An excellent platform for building an enterprise VDI solution, VMware View 5 takes advantage of all the features, services, and fault tolerance built into VMware's flagship vSphere hypervisor. View allows IT to manage pools of virtual desktops, assign them to users, and define policies for VDI behavior, all from a single browser-based UI. View supports connectivity from a wide variety of client devices, and its PCoIP remoting protocol, borrowed from Teradici, helps improve the user experience by reducing the latency between the server-hosted virtual machine and its user. As with the competing VDI heavyweight, Citrix XenDesktop, initial setup and configuration of VMware View can be daunting.
View is available in two editions, View Enterprise and View Premier, both of which include the core services needed to get a VDI deployment off the ground. Both editions bundle vSphere, vCenter, and View Manager. The View Premier package adds View Composer (image management), ThinApp (application virtualization), and Local Mode (VMware's offline VDI engine for mobile users). While both View Enterprise and View Premier can scale as large as your virtual infrastructure will allow, View Enterprise targets deployments of 100 VDI clients or less, while View Premier targets the larger deployments.
The test bed for my View 5 deployment was made up of vSphere 5 installed on a Fujitsu Primergy TX300 server, along with two Windows Server 2008 R2 64-bit virtual machines. I installed vCenter on one Windows Server VM and View Manager on the second. My guest operating systems were standard Windows XP and Windows 7 Professional. As with XenDesktop, I connected from inside and outside the network and had no trouble with any of the virtual desktops, including virtual desktops I had built on linked clones.
VMware View: Building blocks
Admins can think of VMware View in terms of three major components: the hypervisor, the connection broker (and management system), and the protocol. The vSphere hypervisor is the bedrock of any successful View installation, allowing virtual desktops to take advantage of its many fault tolerance and scalability features. Unlike Citrix XenDesktop, which supports third-party hypervisors, VMware View will run only on VMware's own.
Comprising the connection broker and desktop management roles, View Manager is the heart and soul of the View deployment. View Manager itself is divided into four main components. The View Connection Server is the piece that manages user and device access to the virtual desktops. The View Agent, which is installed on all virtual desktops, handles session management and allows for single sign-on to the network. The View Client provides connectivity from remote devices, including PCs, Macs, iPads, thin clients, and (new in View 5) Android devices. Lastly, View Administrator is the tool for creating virtual desktops, assigning them to users, and defining access policies.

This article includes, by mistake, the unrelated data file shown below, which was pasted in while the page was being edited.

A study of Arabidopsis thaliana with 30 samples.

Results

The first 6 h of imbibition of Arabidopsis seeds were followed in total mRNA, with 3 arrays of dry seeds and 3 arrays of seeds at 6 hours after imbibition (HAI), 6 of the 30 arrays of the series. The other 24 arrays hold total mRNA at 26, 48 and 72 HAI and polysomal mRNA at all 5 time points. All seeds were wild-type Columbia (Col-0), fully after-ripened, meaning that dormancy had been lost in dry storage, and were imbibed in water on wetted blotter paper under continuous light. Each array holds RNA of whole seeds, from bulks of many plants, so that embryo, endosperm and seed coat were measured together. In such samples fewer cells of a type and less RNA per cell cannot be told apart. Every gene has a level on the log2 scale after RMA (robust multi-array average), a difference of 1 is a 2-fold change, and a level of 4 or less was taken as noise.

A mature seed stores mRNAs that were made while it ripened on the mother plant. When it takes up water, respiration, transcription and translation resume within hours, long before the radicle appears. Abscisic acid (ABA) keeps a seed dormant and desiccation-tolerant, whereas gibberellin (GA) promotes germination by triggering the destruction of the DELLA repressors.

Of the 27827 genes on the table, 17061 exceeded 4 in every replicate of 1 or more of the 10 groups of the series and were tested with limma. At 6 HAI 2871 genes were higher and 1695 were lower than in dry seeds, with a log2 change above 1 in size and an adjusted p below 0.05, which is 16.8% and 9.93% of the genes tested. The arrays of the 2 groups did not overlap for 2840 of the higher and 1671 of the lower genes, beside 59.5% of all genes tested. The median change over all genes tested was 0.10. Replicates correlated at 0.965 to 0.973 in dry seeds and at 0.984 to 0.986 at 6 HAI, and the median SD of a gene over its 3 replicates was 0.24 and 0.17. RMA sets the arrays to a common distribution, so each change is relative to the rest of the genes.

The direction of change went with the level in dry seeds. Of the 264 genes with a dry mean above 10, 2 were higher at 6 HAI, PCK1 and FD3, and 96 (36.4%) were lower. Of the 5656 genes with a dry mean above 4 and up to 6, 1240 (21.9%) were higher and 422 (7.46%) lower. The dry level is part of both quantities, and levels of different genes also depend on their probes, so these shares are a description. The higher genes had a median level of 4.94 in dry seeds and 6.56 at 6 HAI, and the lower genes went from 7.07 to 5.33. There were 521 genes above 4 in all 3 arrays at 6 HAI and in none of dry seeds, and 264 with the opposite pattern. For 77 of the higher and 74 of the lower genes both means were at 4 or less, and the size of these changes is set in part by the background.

The third major component is View's proprietary connection protocol, PCoIP. Developed with partner Teradici, PCoIP is a UDP-based protocol designed to help reduce display latency. PCoIP provides a rich experience to the remote user, whether browsing the Web, streaming audio or video, or working in a graphics-intensive application.
VMware View: Supporting cast
While the basic building blocks are good to get started, the additional tools found in the View Premier bundle will make every deployment, large and small, more efficient and ultimately easier to scale and manage. View Composer provides admins with the tools to deploy linked clones, reducing VDI storage needs and enabling IT to update and patch fewer virtual disks. Using linked clones, IT only updates a single golden image instead of countless individual virtual disks.
Another technology that greatly extends View's appeal is VMware ThinApp. IT can virtualize applications using ThinApp so that they can be streamed to virtual desktops, instead of being installed on each guest operating system. Like Citrix XenApp or Microsoft App-V, ThinApp packages a Windows application so that it can be run by all users from shared storage. All that ends up on the virtual desktop is a shortcut to the virtualized application. Like linked clones, virtualized applications further reduce disk image storage because only one instance of the application is needed, not to mention a single instance to patch or upgrade.
Local Mode makes sense for users who are not always able to connect to the View server, such as wandering sales agents, while letting IT retain central control over the desktop image. But with cellular "air cards" now available from most major cell providers, even laptop users at remote offices or construction sites could still log into the View server. If a managed offline system is what IT needs, other vendors such as Virtual Computing and MokaFive provide a platform just for that.
VMware's PCoIP connection protocol links the various endpoint devices into the VDI deployment, and like HDX, it includes a number of technologies that improves the end-user experience. New to View 5 is PCoIP support for Windows 7 Aero and applications that require OpenGL or DirectX without the need of specialized graphics cards. PCoIP can now also provide WMI connectivity to Windows-based clients, allowing IT to monitor and troubleshoot devices remotely. One feature that remote users will appreciate is PCoIP's continuity services, which automatically reestablish user sessions in the event of a momentary connection problem. A new optimization policy also allows IT to tailor bandwidth usage based on user, use case, or network needs.
This article, "VDI shoot-out: VMware View 5," was originally published at InfoWorld.com. Follow the latest developments in virtualization at InfoWorld.com. For the latest business technology news, follow InfoWorld.com on Twitter.